Anybody who has ever worked on developing VM backup and restore or the Replication features, will tell you that it’s a chore to have to figure out the changed blocks on our own. Well, you guessed it right, VMware took a note of it. And as part of the efforts to simplify and improve the efficiency of backup processes for VMware virtual machines, they introduced a feature called Changed Block Tracking in the VMware ESX/ESXi 4.0 onwards.
So, what exactly is Changed Block Tracking, or CBT as it is abbreviated.
Quite literally, Change Block Tracking (CBT) keeps track of the storage blocks of virtual machines as they change over time. Virtual machines running on ESX/ESXi hosts can track disk sectors that have changed. On many file systems, CBT identifies the disk sectors altered between two change set IDs. On VMFS partitions, CBT can also identify all the disk sectors that are in use.
Before getting into more details of CBT, let’s first understand how traditional VM Backup/Restore worked. Before CBT, VM backups required an agent on every VM. And although the backups/restores work just fine, the implementation itself has a few issues of its own. Each agent consumes physical server resources when performing a backup or scan. One agent on one server is not a problem. Dozens of agents on dozens of virtual servers will reduce the number of VMs that can be supported on that physical server.
Another problem with traditional VM backups was that backup softwares generally work, among other goals, towards taking maximum number of backups in the shortest time period. Backup time windows in large organizations are pricey and are shrinking day by day.
So, CBT proved to be a boon for the developers of third party backup applications. It enabled them to get the list of only the blocks that changed since the last backup. The VMkernel keeps track of block changes on virtual machines. As a developer you no longer need to worry about writing code that first finds what blocks have changed. Instead you can write code to ask the VMkernel for that information. Much less effort on your part! It works by using VMware’s APIs to send queries to the VMkernel, which in turn, produce the information about the latest data since the last backup function.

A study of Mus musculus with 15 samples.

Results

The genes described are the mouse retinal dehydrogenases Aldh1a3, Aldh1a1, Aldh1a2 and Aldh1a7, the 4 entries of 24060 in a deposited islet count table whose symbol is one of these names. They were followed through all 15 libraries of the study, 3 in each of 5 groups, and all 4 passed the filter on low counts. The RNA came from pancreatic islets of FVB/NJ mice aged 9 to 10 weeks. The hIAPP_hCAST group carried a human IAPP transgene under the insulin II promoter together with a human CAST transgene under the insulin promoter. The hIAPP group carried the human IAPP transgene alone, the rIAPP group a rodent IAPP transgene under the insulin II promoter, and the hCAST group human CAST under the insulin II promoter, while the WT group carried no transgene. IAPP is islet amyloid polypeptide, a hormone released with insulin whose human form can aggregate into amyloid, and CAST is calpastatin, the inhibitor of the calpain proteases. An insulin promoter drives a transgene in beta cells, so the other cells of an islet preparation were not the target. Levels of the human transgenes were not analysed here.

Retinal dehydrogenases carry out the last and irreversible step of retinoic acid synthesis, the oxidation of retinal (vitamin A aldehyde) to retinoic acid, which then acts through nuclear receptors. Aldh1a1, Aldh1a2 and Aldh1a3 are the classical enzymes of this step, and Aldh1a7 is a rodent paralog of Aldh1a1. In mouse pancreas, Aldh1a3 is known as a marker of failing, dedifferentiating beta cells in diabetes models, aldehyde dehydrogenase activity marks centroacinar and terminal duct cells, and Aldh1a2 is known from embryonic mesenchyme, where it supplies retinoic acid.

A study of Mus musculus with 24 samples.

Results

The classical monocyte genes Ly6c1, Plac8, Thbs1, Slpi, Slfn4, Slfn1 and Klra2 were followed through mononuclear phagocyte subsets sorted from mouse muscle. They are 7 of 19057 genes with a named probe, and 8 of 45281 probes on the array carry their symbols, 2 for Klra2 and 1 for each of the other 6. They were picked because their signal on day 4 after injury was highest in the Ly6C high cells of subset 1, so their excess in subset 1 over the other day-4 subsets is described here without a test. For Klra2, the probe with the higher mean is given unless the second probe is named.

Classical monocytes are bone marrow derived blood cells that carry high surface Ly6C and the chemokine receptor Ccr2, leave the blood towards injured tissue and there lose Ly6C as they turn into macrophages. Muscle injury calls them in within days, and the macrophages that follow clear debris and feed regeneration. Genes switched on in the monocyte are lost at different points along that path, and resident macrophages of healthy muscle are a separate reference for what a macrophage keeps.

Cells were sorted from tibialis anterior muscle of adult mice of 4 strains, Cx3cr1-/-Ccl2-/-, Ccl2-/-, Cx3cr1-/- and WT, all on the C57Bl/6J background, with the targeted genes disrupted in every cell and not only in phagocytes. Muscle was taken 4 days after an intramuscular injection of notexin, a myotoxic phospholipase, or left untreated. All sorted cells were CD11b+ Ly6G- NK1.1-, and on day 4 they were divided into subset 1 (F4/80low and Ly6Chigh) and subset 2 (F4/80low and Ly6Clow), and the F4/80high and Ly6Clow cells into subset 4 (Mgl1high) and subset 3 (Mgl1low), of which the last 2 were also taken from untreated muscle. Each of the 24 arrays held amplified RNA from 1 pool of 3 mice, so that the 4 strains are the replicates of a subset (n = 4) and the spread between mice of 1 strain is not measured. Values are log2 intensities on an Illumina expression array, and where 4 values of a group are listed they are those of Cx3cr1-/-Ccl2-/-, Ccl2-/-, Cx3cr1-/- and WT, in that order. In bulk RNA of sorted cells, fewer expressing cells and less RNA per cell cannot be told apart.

It also meant that they didn’t require copying out data that had been copied previously. The amount of data copied out reduced by more than 99%, which saves a lot of time in the backup process. Add to this all the additional data reduction technologies that are applied like dedupe, compression, et al and we have a very efficient VM backup and recovery software.
So, how exactly does the CBT feature work?
Virtual disk block changes are tracked from outside virtual machines, in the virtualization layer. If CBT is enabled for a virtual disk the VMkernel will create an additional file (named …-ctk.vmdk) in the same directory where it stores a map of all the virtual disk’s blocks. Once a block is changed it will be recorded in this map file. This way the VMkernel can easily tell a backup application what blocks of a file have changed since a certain point in time. The application can then perform an incremental backup by saving only these changed blocks. When software performs a backup, it can request transmission of only the blocks that changed since the last backup, or the blocks in use. The CBT feature can be accessed by third-party applications as part of the vSphere APIs for Data Protection (VADP). Applications call VADP to request that the VMkernel return blocks of data that have changed on a virtual disk since the last backup snapshot.
- The host must be ESX/ESXi 4.0 or later.
- The virtual machine owning the disks to be tracked must be hardware version 7 or later.
- I/O operations must go through the ESX/ESXi storage stack
- CBT must be enabled for the virtual machine (We will see how to do it in a while).
- No independent disk because they are unaffected by snapshots.
How do we enable CBT?
A configuration parameter for a VM named ctk.Enabled should be added and be set to “true”. In addition to this, set scsix:x.ctkEnabled = “TRUE” where x.x marks all the disks for which CBT is to be enabled.
After enabling CBT, it is required to perform a stun-unstun cycle on the VM by restarting it or by suspending and resuming it.
Many backup restore applications in the market have already taken advantage of this feature to greatly enhance their backup speeds and efficiency. There are a number of articles explaining CBT in more detail which you can find in the references section below.